Presidio: A Novel
Date: August 2018
Duration: 7 hours 42 minutes
“Fluent, mordant, authentic, propulsive…wonderfully lit from within” (Lee Child, The New York Times Book Review), this critically acclaimed, stunningly mature literary debut is the darkly comic story of a car thief on the run in the gritty and arid landscape of the 1970s Texas panhandle.
In this “stellar debut,” (Publishers Weekly) car thief Troy Falconer returns home after years of wandering to reunite with his younger brother, Harlan. The two set out in search of Harlan’s wife, Bettie, who’s left him cold and run away with the little money he had. When stealing a station wagon for their journey, Troy and Harlan find they’ve accidentally kidnapped a Mennonite girl, Martha Zacharias, sleeping in the back of the car. But Martha turns out to be a stubborn survivor who refuses to be sent home, so together, these unlikely road companions haphazardly attempt to escape across the Mexican border, pursued by the police and Martha’s vengeful father.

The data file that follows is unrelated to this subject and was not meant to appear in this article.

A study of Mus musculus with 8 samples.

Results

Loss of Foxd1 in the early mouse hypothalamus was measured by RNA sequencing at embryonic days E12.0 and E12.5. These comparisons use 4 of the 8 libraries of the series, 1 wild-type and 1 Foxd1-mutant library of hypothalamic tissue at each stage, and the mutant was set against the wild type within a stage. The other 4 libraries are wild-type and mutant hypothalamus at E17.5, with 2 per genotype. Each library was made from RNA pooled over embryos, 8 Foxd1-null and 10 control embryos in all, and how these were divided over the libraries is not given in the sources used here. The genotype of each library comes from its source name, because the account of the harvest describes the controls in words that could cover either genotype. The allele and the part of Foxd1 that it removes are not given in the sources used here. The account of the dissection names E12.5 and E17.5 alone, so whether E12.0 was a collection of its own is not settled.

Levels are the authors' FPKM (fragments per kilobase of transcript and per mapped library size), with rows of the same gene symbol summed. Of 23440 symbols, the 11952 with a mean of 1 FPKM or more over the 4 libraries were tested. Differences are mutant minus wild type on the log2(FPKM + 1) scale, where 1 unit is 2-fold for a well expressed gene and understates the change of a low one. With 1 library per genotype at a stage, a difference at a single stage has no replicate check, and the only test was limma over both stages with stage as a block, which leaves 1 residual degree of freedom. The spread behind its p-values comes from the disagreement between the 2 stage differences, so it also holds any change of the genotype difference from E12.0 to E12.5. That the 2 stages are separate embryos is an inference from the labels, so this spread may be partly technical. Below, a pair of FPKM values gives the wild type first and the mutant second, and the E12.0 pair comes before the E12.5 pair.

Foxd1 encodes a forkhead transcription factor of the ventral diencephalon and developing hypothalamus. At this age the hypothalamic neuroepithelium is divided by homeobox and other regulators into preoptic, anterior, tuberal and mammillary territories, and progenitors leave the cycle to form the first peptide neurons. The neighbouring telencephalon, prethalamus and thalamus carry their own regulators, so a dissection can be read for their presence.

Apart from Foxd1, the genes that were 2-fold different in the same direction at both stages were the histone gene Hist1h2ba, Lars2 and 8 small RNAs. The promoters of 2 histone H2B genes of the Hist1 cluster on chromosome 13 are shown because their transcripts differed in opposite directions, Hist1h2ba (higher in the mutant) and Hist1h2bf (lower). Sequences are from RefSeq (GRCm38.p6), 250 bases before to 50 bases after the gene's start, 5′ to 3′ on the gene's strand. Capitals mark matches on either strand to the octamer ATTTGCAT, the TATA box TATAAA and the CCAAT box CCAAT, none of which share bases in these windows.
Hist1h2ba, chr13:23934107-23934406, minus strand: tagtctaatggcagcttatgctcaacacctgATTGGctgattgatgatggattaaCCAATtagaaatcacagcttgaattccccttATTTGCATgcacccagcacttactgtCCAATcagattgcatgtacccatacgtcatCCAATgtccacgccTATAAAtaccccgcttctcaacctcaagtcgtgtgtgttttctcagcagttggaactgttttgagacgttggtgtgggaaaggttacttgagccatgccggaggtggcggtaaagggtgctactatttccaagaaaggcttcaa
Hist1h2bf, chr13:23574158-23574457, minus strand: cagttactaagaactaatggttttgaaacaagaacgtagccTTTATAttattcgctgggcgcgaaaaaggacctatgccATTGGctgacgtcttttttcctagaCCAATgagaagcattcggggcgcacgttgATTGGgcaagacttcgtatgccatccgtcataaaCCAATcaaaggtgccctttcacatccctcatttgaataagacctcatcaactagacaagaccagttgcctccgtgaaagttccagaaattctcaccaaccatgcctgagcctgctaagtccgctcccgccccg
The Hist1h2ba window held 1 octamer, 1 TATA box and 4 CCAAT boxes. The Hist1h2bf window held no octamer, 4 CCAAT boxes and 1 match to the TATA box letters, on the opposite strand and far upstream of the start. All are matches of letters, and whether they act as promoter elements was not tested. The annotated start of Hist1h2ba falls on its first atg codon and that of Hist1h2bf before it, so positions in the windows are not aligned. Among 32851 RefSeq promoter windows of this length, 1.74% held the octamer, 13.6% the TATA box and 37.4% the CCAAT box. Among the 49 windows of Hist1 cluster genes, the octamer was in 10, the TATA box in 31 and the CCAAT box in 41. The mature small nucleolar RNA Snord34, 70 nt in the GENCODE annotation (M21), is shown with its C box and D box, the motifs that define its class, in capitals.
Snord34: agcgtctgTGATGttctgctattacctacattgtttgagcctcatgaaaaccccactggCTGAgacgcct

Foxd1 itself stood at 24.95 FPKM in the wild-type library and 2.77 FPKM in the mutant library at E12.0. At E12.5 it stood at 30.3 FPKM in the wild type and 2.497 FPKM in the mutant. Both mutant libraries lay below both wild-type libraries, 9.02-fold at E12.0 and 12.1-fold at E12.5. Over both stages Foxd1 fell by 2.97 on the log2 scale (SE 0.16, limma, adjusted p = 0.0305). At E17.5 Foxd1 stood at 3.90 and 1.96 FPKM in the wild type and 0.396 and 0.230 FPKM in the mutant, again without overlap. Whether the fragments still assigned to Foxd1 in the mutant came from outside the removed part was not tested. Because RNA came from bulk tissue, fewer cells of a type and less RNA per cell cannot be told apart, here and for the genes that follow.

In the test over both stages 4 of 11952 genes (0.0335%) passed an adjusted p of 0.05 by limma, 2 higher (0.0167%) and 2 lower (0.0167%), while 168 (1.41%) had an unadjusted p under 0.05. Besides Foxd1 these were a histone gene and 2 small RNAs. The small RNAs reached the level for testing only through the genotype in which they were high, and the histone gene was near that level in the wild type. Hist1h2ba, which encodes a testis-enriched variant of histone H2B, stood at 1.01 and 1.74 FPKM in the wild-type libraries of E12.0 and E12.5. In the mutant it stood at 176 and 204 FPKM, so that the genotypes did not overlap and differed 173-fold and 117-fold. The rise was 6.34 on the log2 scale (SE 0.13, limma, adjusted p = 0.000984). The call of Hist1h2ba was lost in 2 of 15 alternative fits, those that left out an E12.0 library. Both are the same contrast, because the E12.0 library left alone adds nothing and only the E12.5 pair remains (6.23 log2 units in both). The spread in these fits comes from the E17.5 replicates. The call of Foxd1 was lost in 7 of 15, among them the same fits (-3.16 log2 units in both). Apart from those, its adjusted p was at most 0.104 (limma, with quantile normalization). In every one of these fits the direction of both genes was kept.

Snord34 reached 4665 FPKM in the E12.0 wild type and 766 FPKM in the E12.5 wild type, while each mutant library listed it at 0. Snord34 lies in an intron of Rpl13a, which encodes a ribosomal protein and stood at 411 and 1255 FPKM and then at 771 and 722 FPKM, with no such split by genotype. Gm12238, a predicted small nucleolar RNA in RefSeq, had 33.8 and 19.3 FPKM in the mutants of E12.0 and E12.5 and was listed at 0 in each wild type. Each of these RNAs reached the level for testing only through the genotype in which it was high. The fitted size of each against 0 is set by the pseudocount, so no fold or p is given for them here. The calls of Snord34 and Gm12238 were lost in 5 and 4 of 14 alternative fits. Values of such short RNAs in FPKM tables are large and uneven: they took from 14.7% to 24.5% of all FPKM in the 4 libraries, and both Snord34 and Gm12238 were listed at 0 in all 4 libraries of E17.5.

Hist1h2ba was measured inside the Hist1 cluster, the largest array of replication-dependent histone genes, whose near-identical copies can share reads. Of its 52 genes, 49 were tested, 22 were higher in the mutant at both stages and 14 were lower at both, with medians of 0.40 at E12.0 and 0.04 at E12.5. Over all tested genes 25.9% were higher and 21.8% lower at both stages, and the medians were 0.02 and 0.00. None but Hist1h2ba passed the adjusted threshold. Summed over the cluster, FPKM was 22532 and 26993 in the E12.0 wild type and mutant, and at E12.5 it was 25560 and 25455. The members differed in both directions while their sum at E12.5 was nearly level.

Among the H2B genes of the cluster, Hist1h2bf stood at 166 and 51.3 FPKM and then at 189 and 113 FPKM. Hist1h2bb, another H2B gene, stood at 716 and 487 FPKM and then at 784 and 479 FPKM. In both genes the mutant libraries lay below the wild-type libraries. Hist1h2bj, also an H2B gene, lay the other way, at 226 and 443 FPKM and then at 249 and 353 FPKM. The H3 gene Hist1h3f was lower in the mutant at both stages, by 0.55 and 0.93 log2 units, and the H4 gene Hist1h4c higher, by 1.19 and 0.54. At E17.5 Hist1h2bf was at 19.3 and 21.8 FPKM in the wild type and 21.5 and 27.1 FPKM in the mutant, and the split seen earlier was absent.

But this is only one layer of Troy’s story. Through interjecting entries from his journal that span decades of an unraveling life, we learn that Troy has become so estranged from society that he’s shunned the very idea of personal property. Instead of claiming possessions, he works motels, stealing the suitcases and cars of men roughly his size, living with their things until those things feel too much like his own, at which point he finds another motel and vanishes again into another man’s identity.
Richly nuanced and complex, “like a nesting doll, [Presidio] continually uncovers stories within stories” (Ian Stansel, author of The Last Cowboys of San Geronimo). With a page-turning plot, prose as gritty and austere as the novel’s Texas panhandle setting, and a determined yet doomed cast of characters ranging from con artists to religious outcasts, this “rich and rare book” (Annie Proulx, author of Barkskins) packs a kick like a shot of whiskey. Perfect for fans of Cormac McCarthy, Denis Johnson, and Larry McMurtry, who said that Kennedy “captures the funny yet tragic relentlessness of survival in an unforgiving place. Let’s hope he keeps his novelistic cool and brings us much, much more.”